The Food Institute Blog

The Food Institute Blog

Drones Could Change the Face of Food Production, Delivery
Posted on January 12, 2016 by Jennette Zitelli

As online ordering and delivery becomes more popular, technological innovations will inevitably come about to make the process easier, faster and more appealing. After ecommerce became more widespread, companies were immediately looking at how to improve it, such as enabling mobile shopping, speeding up delivery times, and offering more payment options. Now it is easier than ever to order products online, and it will only continue to become more integrated into our everyday lives, especially with products like the Amazon Dash and the Samsung Family Hub Refrigerator.

If ordering products is super easy, the next logical step is to improve the delivery of those products. Many companies believe drone delivery is the answer, especially Amazon, Google and Walmart, who are all working on drone projects of their own. Amazon has been working for a while to get drone delivery approved by the government, and even proposed that air space be designated for commercial drones. It also recently released a new drone prototype, which is part helicopter and part airplane, and can fly 15 miles at over 55 mph. It will have some sense-and-avoid technology, and will be able to scan an area to look for a landing space. A spokesperson for the company said, "One day, seeing Prime Air vehicles will be as normal as seeing mail trucks on the road."

Walmart is also testing a drone delivery system, which is probably wise if it wants to continue to compete with Amazon. In October, it applied to U.S. regulators for permission to test drones for home delivery, curbside pickup and checking warehouse inventories. Walmart spokesman Dan Toporek noted that drones could be a big opportunity for the company, saying, "There is a Walmart within five miles of 70 percent of the U.S. population, which creates some unique and interesting possibilities for serving customers with drones."

Google is also working around the clock to offer drone delivery, with the head of its Google X Project Wing experimental drone delivery program, Dave Vos, saying it could be available within the next one to three years if the private sector and government can work together. He also maintains that drones will be safer than general aviation and will operate quietly.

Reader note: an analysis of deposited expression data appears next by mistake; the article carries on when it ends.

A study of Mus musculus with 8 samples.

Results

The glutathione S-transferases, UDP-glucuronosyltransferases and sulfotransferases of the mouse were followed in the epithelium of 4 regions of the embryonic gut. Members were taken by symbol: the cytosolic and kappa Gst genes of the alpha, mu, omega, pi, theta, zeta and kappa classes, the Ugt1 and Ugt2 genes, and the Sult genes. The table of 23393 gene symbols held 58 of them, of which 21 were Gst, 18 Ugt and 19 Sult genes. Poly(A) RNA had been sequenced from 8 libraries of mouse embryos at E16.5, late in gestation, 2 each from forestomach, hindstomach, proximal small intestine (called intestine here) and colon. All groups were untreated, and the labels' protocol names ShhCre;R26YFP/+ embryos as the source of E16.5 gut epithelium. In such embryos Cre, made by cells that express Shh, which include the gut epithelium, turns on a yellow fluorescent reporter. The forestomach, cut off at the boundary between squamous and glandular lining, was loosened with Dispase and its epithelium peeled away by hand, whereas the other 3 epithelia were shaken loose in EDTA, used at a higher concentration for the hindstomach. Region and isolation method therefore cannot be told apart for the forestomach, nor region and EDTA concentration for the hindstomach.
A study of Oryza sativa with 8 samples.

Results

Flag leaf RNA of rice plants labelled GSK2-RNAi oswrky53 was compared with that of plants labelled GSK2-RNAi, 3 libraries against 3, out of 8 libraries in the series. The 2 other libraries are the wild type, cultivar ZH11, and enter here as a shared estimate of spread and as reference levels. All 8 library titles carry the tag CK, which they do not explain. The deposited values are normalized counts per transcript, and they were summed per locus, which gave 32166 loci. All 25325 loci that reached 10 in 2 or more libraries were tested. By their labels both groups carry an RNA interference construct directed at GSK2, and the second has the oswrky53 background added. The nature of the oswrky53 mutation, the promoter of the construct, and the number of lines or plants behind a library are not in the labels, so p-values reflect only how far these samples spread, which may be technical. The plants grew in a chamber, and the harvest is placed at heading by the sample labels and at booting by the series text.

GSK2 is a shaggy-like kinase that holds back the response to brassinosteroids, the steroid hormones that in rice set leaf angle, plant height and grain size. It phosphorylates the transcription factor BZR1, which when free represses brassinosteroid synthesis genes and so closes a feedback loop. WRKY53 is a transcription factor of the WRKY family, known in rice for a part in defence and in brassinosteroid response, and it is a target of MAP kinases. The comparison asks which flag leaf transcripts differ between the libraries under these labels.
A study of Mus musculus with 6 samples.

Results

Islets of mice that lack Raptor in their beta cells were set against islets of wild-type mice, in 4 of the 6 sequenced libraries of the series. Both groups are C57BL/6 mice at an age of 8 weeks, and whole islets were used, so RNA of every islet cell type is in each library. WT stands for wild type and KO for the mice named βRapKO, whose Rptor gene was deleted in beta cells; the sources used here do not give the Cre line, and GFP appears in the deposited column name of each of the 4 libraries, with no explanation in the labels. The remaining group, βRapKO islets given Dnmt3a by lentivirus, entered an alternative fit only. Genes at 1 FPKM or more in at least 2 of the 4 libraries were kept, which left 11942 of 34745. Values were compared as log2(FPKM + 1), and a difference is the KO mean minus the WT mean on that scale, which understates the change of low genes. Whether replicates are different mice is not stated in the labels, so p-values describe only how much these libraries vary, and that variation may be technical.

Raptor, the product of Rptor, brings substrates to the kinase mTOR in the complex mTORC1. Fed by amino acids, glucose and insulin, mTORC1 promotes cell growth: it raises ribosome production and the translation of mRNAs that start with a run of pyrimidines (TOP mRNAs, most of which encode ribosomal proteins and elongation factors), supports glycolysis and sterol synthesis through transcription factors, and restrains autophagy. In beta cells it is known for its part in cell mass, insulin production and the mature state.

Not only are drones a big opportunity for retailers, they could have a major impact on agriculture. Agriculture is expected to make up 80% of the potential market for drones in the near future, according to a report from The Association for Unmanned Vehicle Systems International. Drones could hold sensors which could scan crops for health problems, monitor hydration and growth rates and locate disease problems. They could also help with “precision farming,” a practice where farmers apply pesticides and fertilizers to small portions of a crop rather than an entire field. Another report, by Bank of America Merrill Lynch, estimates the agricultural robot market will grow to $16.3 billion by 2020 from $817 million in 2013.

The possibilities of what drones could do for a variety of industries are seemingly endless, but much of it may never come to fruition. Depending on how the Federal Aviation Administration chooses to regulate drones, the industry could be severely limited. Only time will tell.

Posted in Drones   Google   Amazon   Walmart   Delivery   Retail  


About the Author

Jennette Rowan
Product Manager
The Food Institute

Jennette writes and edits the Food Institute’s annual publications, such as Food Business Mergers & Acquisitions, The Food Industry Review and The Almanac of the Canning, Freezing, Preserving Industries.  She also handles marketing and promotions for books, seminars and the monthly webinar series. Additionally, she writes for the daily news update, Today in Food, and periodically contributes to the weekly Food Institute Report. She has a background in non-profit and environmental marketing, programming and writing, and joined the Food Institute in 2013 with a degree in Communication Studies from Rowan University.